The compressor is the main component of the system. It pressurizes the refrigerant so it can flow through the system. Since it is one of the few moving parts in the A/C system, it needs a constant flow of refrigerant and clean lubricant to prevent it from failing. A loss of refrigerant decreases lubricant flow back to the compressor and is likely to cause it to overheat and fail. When a compressor fails, it will cause small metal shavings and debris to be pumped into the system.
The pressurized refrigerant, as vapor flows from the compressor to the condenser located in front of the radiator. The condenser must have proper air flow across it at all times to release the heat that has been absorbed from the passenger compartment. This is especially true when a vehicle is sitting at idle. When a compressor fails, the resulting debris can be trapped in the very small passages of the condenser. At any time this happens it is necessary to flush or replace the condenser to remove any debris that will continue to damage the system.
If the condenser cannot release heat efficiently, additional heat cannot be absorbed from the passenger compartment.
Orifice Tube (if equipped)
The orifice tube drops the pressure of the liquid refrigerant coming from the condenser to make it cold. It is also designed to trap small amounts of of contaminants found in every system, keeping them out of the evaporator. When the compressor fails, debris that make it through the condenser will be trapped in the screen of the orifice tube. As the orifice tube screen becomes clogged, the pressure in the condenser can get dangerously high and strain the compressor. Refrigerant and lubricant that would normally flow through the system would be reduced, decreasing cooling efficiency and starving the compressor for lubricant. A clean orifice tube is necessary for a system to operate properly.
Accumulator (found on systems with an orifice tube)
The accumulator catches the liquid refrigerant as it exits the evaporator. The accumulator holds he liquid refrigerant while moisture is removed and the refrigerant turns to a vapor that can be drawn back into the compressor. The lubricant caught in the liquid refrigerant collects at the bottom of the accumulator and is metered into the suction line to be returned to the compressor with the cold refrigerant vapor. The accumulator should be replaced any time the system is open for repair.
Expansion Valve (if equipped)
The expansion valve drops the pressure and meters the amount of liquid refrigerant flowing to the evaporator in the dash. The temperature of the evaporator determines how much refrigerant is allowed to flow through the expansion valve.
Receiver Drier (found on Expansion Valve systems)
The receiver drier filters, dries and stores the refrigerant in a liquid form until it is needed by the expansion valve. The receiver drier needs to be replaced any time the system is opened for mechanical repairs to remove any trapped debris and to prevent any moisture from forming acids in a system that has been out of refrigerant for a length of time.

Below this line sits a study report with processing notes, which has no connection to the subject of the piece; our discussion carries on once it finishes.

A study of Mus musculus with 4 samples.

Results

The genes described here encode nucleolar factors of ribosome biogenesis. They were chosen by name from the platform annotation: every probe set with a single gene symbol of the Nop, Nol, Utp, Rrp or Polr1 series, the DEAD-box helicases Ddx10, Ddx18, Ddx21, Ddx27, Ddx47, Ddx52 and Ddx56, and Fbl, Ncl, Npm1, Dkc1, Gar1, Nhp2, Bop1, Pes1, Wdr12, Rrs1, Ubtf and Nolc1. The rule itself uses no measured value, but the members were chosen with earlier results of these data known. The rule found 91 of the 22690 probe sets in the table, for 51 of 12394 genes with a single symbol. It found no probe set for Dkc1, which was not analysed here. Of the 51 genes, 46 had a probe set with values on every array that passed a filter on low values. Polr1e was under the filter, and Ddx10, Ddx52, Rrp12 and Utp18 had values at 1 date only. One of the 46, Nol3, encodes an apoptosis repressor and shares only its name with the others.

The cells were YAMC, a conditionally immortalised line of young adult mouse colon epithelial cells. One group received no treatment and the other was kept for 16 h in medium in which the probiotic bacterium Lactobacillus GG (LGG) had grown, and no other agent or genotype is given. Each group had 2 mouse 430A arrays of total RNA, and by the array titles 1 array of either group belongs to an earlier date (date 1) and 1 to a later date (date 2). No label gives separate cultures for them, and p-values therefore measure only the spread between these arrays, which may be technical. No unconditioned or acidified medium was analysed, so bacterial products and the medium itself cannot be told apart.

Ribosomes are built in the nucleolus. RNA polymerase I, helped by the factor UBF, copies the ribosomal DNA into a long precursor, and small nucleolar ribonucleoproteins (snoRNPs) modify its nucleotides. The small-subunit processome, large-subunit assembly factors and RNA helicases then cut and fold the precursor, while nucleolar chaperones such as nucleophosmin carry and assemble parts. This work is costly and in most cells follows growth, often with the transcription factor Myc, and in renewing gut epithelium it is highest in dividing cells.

The evaporator core is located in or near the dash and uses the cold liquid refrigerant released by the orifice tube or expansion valve to absorb the heat in the passenger compartment. It requires that the system be properly charged to work correctly. A system low on refrigerant will starve the evaporator keeping it from cooling the vehicle and moving lubricant on to the compressor.
The system has to have quality seals and gaskets at all connections to contain the pressure of the refrigerant. When the system is opened for repairs, the seals need to be replaced with new ones.
It is important that the proper amount of clean lubricant circulated in the system at all times. Even a small leak can cause the lubricant flow to drop in the system. Quality PAG lubricant of the proper viscosity and amount should be put back in the system after repairs have been completed and all contaminated lubricant has been flushed out. This will insure that the new components will perform for an extended period of time.
A solvent that is compatible with the system including hoses, refrigerant, metals, and o-rings. It is used to clean the evaporator. condenser and hoses after any system failure removing any debris and contaminated lubricant that may be in the system.
This is a lubricant enhancer that will improve the PAG lubricant's ability to protect the compressor from premature wear and resulting failure. In addition, it increases the heat transfer in both the evaporator and condenser making the system more efficient.
R134a refrigerant systems have very close tolerances for refrigerant charge. An overcharge or undercharge of 2 ounces will effect how well a system will perform. Recharge with the proper amount of refrigerant.